Posted by: L1H | June 8, 2009

Player Made Stories: Catching Up to 1982

I’m a big fan of NPR – yeah I’m one of those people.  One of my favorite podcasts/shows is Radiolab, hosted by Jad Abumrad and Robert Krulwich.  

Each episode of Radiolab features an interesting subject or scientific curiosity: sperm, morality, sleep, laughter, you never know what central theme or question these guys are going to explore next.

Recently Radiolab asked the question which is better: radio or television?  They even staged a faux “boxing” event and had the audience vote by applause which is better by category.  Television was better at “pictures”, hehe, but for questions like which medium is better for conveying emotion, radio was the hands down winner.  By the second act of the show the question of how does telling stories via the radio differ from telling a story on television?

Robert Kulwich and Ira Glass, a guest host for the event, had a great back-and-forth which really nailed the distinction between the two mediums.

Essentially radio is more intimate, more emotional.  Simple moments that would be otherwise unremarkable become “mythic” because the listener gets involved in the content, we co-author the story by “painting” pictures with our minds as the story describes the scene.

Hearing a father’s deep voice describing the love he has for his daughter, how her flesh all too vulnerable and, by extension, he too becomes vulnerable, really drives home how powerful a medium radio is.  In contrast, to see footage of the father playing with his daughter, to witness a visual montage of this little girl growing up, would register as totally unremarkable, common, and doesn’t pull on the “heart strings” as easily as the “telling” of the story would.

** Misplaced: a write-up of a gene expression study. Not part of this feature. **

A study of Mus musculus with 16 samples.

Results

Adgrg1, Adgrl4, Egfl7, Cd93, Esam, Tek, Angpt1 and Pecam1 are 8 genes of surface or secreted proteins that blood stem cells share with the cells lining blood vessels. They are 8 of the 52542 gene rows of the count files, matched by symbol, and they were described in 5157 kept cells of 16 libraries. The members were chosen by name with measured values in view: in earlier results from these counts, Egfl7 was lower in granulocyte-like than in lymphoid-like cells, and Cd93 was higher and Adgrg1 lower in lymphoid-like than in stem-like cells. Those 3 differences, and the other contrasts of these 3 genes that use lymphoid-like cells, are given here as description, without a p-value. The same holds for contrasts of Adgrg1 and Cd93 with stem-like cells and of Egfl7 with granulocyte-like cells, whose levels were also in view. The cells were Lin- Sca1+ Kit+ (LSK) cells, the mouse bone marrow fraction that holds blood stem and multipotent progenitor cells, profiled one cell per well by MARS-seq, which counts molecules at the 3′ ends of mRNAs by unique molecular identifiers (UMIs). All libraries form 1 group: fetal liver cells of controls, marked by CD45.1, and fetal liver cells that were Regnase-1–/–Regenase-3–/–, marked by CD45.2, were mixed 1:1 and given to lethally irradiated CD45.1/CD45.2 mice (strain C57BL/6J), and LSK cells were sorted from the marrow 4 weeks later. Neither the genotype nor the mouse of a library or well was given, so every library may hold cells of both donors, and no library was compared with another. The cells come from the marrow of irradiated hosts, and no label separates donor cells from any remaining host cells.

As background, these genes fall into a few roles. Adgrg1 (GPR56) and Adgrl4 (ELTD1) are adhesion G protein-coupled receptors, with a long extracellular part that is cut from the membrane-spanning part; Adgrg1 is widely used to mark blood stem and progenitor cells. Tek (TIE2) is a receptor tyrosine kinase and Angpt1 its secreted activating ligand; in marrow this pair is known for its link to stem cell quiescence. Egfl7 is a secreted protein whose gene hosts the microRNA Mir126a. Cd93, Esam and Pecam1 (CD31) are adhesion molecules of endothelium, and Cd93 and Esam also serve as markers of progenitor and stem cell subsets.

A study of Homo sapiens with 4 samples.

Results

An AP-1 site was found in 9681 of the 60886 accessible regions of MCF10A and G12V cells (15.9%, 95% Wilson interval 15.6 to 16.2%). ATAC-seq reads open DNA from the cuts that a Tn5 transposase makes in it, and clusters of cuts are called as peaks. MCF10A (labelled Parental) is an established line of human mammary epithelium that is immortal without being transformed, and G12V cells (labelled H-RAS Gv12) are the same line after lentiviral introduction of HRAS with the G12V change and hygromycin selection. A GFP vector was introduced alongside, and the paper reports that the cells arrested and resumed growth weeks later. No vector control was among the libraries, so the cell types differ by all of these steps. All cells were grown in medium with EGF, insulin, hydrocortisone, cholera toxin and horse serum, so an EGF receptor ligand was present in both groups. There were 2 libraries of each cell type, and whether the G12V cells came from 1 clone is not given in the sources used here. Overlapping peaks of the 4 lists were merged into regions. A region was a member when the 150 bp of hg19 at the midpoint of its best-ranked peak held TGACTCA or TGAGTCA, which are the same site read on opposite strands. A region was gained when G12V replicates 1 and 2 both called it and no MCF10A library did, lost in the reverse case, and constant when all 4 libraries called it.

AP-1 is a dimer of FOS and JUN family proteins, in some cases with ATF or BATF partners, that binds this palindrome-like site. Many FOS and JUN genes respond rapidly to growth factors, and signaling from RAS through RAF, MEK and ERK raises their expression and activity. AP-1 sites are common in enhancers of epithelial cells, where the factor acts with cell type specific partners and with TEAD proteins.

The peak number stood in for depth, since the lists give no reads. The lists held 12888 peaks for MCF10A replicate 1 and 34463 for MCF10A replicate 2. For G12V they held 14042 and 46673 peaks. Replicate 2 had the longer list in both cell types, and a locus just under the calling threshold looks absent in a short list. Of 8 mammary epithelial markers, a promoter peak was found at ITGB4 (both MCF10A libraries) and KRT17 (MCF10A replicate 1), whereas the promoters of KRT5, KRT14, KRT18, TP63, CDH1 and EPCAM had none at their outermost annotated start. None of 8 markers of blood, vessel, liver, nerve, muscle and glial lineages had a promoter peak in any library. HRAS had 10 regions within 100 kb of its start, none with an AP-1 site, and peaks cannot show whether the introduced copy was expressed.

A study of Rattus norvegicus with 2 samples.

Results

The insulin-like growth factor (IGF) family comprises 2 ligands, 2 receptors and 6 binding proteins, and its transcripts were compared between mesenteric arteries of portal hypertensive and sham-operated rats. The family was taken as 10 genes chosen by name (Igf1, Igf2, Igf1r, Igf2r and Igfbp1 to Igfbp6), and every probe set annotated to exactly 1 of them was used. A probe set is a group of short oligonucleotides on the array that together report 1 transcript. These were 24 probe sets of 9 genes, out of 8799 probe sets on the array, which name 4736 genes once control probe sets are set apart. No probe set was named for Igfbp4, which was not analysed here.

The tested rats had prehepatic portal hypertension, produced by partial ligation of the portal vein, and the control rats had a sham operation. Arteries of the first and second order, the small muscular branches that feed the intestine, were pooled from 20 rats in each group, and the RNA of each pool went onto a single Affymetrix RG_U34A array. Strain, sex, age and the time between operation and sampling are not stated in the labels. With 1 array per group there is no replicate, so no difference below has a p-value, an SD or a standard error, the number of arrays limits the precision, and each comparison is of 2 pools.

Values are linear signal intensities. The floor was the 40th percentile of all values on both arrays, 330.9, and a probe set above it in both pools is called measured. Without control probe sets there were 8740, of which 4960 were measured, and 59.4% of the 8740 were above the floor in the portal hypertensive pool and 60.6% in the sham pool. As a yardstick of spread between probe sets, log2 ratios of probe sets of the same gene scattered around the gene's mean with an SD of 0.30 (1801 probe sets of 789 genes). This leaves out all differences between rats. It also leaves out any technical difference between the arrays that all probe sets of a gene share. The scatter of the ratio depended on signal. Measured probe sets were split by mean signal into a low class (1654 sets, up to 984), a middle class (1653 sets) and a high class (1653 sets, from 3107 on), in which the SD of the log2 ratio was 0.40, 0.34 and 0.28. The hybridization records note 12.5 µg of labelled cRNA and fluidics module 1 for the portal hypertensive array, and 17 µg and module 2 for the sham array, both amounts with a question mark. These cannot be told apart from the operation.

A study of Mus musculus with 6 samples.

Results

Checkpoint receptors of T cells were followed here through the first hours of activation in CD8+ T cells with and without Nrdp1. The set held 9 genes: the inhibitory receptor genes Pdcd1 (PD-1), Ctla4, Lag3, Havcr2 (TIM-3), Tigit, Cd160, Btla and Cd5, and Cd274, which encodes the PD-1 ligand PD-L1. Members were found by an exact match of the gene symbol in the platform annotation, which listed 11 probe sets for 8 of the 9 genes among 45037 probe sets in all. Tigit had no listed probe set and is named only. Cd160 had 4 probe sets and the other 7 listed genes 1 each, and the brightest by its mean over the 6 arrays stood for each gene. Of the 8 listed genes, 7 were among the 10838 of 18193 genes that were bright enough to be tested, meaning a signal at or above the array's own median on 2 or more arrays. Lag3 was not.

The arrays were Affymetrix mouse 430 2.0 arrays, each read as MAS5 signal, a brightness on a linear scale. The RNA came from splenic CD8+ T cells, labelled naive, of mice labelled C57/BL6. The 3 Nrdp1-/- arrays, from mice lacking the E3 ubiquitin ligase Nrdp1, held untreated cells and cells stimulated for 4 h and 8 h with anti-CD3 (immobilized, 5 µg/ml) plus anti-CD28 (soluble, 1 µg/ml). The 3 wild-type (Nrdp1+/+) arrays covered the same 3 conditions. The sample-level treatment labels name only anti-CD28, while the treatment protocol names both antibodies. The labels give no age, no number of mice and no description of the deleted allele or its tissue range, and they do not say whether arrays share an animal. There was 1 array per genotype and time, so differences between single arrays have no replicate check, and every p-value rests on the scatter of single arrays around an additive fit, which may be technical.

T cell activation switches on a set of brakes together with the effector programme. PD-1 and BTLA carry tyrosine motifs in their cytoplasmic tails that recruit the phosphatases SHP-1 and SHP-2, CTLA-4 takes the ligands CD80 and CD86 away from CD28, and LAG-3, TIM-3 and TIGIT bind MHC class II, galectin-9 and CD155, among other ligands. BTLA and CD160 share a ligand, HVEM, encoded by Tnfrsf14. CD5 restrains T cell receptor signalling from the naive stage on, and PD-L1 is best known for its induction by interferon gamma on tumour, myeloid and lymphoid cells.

Television, however, has to build up to an emotional moment, more production is involved to achieve a real emotional event.  Loud bright moments lend contrast to darker quiet moments.  It’s a lot of work to keep a person staring at a screen, to keep them engaged and concentrating on what’s playing out before them, and because television is a visual medium, you’ve got to stage, time, and build everything to elicit an emotional reaction.

This got me thinking about my old Pen and Paper adventures: D&D particularly. 

We didn’t have miniatures back then, my friends and I just used a dry eraser marker on an overlay map, and playing those campaigns was a pure “theatre of the mind” experience.  As advanced as our console/computer RPG games are becoming, I think the point of being a “co-author” of the story, like telling a story on the radio, is what made those tabletop games so magical.

Take a DM description of a simple room:

Compare this:

“You walk into a room that’s 20′ by 20′.  The dim chamber before you is unoccupied and dimly lit.  A thin coat of dust covers every surface.  The entire room appears to be made of a smooth grey colored stone.  The floor is tiled while the walls are adorned with elegant arches set into their surface.  The room is empty save for a simple pedestal at the center the room which appears to be made of the same stone as the rest of the room.  The pedestal’s waist is carved with the same arch shaped lines as the chamber’s walls.  Across the room you see a short ramp of stairs leading into an arched doorway.  A similar door and exit is to your left.”

To this: Click Me.

Did the GM fail to describe the room well enough or did the picture fail to meet the vision in your mind?

Do our video games involve us in “co-authoring” the story, like a tabletop game, or does the visual medium of video games diminish our need to fill in the blanks?  What special challenges do video game developers have when telling stories?  Can they elicit emotion as well as other mediums?